Saturday, 17 March 2007

Stitchworks by Sue

The piece above is made using felting techniques, with the inclusion of shot organza, and then embroidered by hand to add definition and texture. It is currently in hanging form, but I am considering mounting and framing it.

An embroidery showing my influence by gothic architecture, worked in reverse applique and machine embroidery, and mounted on canvas for hanging.

The design inspiration for this stumpwork embroidery is the Sanctuary Knocker at Durham Cathedral.

This seascape is worked in the proddy, or hooky, method of rag rugging on hessian, using a number of recycled fabrics including t-shirting and woollen blanket which was previously ddyed using acid dyes. I find the sea fascinating (sea-faring is in my family tree) and a never-ending source of inspiration.

Some crazy patchwork pincushions I made for a swap with an internet group. I enjoy these techniques and ought to use them again before long. They are a great way of using tiny scraps of precious fabrics. I have a friend who is a professional dressmaker and soft furnisher, and she sent some lovely bridesmaid dress scraps my way. These contributed to a large extent to these two pincushions.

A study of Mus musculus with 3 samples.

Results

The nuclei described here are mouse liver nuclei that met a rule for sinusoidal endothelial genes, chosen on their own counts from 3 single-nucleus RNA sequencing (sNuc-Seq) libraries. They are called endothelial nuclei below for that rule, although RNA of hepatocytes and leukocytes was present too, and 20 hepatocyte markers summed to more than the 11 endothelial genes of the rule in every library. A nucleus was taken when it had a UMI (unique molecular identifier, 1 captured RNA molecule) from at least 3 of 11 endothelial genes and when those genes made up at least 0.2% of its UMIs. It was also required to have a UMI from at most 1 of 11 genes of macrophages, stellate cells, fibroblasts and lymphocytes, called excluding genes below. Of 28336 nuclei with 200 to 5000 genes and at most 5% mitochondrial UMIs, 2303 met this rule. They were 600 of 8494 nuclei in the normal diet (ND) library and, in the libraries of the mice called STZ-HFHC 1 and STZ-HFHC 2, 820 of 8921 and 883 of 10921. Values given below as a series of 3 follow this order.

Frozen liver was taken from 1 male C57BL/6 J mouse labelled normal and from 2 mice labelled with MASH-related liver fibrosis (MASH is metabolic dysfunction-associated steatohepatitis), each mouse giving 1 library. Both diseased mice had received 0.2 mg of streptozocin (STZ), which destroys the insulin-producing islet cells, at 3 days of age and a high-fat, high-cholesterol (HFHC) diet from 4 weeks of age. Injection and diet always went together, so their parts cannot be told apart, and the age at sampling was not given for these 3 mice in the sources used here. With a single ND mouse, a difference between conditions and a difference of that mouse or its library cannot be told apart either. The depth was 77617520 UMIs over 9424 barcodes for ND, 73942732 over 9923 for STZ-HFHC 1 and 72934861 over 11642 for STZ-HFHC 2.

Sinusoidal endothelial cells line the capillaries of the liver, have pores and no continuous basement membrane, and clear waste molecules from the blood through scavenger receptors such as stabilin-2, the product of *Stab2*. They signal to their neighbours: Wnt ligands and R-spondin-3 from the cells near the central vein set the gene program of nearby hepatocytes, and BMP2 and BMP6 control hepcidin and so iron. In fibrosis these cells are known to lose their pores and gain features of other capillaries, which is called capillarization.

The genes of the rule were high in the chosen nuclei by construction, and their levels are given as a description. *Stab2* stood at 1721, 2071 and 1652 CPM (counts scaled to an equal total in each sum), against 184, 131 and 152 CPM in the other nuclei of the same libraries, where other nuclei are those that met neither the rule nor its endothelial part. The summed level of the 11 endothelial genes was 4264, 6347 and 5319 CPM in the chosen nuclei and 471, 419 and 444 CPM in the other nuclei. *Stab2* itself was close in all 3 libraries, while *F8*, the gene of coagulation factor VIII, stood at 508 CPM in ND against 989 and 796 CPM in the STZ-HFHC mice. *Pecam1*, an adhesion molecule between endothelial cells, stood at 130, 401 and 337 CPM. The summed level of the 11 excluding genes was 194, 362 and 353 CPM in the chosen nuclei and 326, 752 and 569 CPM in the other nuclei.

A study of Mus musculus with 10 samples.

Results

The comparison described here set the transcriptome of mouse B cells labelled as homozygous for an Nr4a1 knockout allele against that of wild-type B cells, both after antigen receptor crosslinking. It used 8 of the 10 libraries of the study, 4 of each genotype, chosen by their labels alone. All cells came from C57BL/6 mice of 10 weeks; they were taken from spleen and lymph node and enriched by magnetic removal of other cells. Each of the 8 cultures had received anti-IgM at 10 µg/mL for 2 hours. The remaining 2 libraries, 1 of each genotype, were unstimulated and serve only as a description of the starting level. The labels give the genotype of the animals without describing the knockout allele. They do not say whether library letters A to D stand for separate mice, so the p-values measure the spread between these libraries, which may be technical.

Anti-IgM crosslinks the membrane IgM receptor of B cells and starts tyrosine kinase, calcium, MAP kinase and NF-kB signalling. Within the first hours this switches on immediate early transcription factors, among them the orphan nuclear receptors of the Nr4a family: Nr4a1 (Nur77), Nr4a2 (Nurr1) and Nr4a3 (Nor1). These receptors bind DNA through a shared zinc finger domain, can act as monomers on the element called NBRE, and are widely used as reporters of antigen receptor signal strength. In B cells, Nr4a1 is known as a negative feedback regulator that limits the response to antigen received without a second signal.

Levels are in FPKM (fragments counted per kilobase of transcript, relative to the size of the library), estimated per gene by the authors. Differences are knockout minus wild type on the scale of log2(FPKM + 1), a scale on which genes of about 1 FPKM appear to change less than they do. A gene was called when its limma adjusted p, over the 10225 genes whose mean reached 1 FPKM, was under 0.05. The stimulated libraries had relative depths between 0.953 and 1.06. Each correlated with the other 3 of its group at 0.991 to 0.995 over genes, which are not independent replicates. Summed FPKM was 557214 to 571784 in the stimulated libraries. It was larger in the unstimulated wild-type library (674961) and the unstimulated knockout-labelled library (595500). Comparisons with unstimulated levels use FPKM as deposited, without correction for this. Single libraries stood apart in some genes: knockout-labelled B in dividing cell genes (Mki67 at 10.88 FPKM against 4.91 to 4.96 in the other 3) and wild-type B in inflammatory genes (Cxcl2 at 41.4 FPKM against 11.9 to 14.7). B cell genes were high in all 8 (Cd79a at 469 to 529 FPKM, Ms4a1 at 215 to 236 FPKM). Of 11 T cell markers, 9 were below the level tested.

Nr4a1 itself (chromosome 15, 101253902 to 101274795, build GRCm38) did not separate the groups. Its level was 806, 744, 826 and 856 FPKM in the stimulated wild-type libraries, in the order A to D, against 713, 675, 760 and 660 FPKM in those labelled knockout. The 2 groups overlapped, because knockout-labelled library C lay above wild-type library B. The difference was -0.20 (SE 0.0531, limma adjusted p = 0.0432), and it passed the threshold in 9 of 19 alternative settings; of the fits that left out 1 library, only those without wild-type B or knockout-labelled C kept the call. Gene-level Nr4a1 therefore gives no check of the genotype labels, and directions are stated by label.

I like using a monochromatic colour scheme sometimes, with a small dash of he complementary colour to add zing: in this case the shades of purple contrasted with a golden yellow. I have used a mixture of machine embroidery, using automatic stitches programmed into my Husqvarna Lily, and a bit of hand embroidery because I love the rhythm of manual embroidery.

A few beads add sparkle to the mix of colours and textures. They are like little textile gems, precious and unique.

Rust dyeing

This piece of cotton cloth was soaked in white vinegar, then folded and wrapped around a rusty pole and left for a day or so before refolding and wrapping, replacing the whole bundle in a knotted plastic bag to retain the moisture. This was done over the space of about one week in warm UK summer weather.


I am very aware that my Magic Armchair Traveller Blog has very little about the textile art and embroidery that I purport to practice, and so I decided to make a dedicated space for it, in the hope that it will be both a showroom and a workspace for this area of creativity.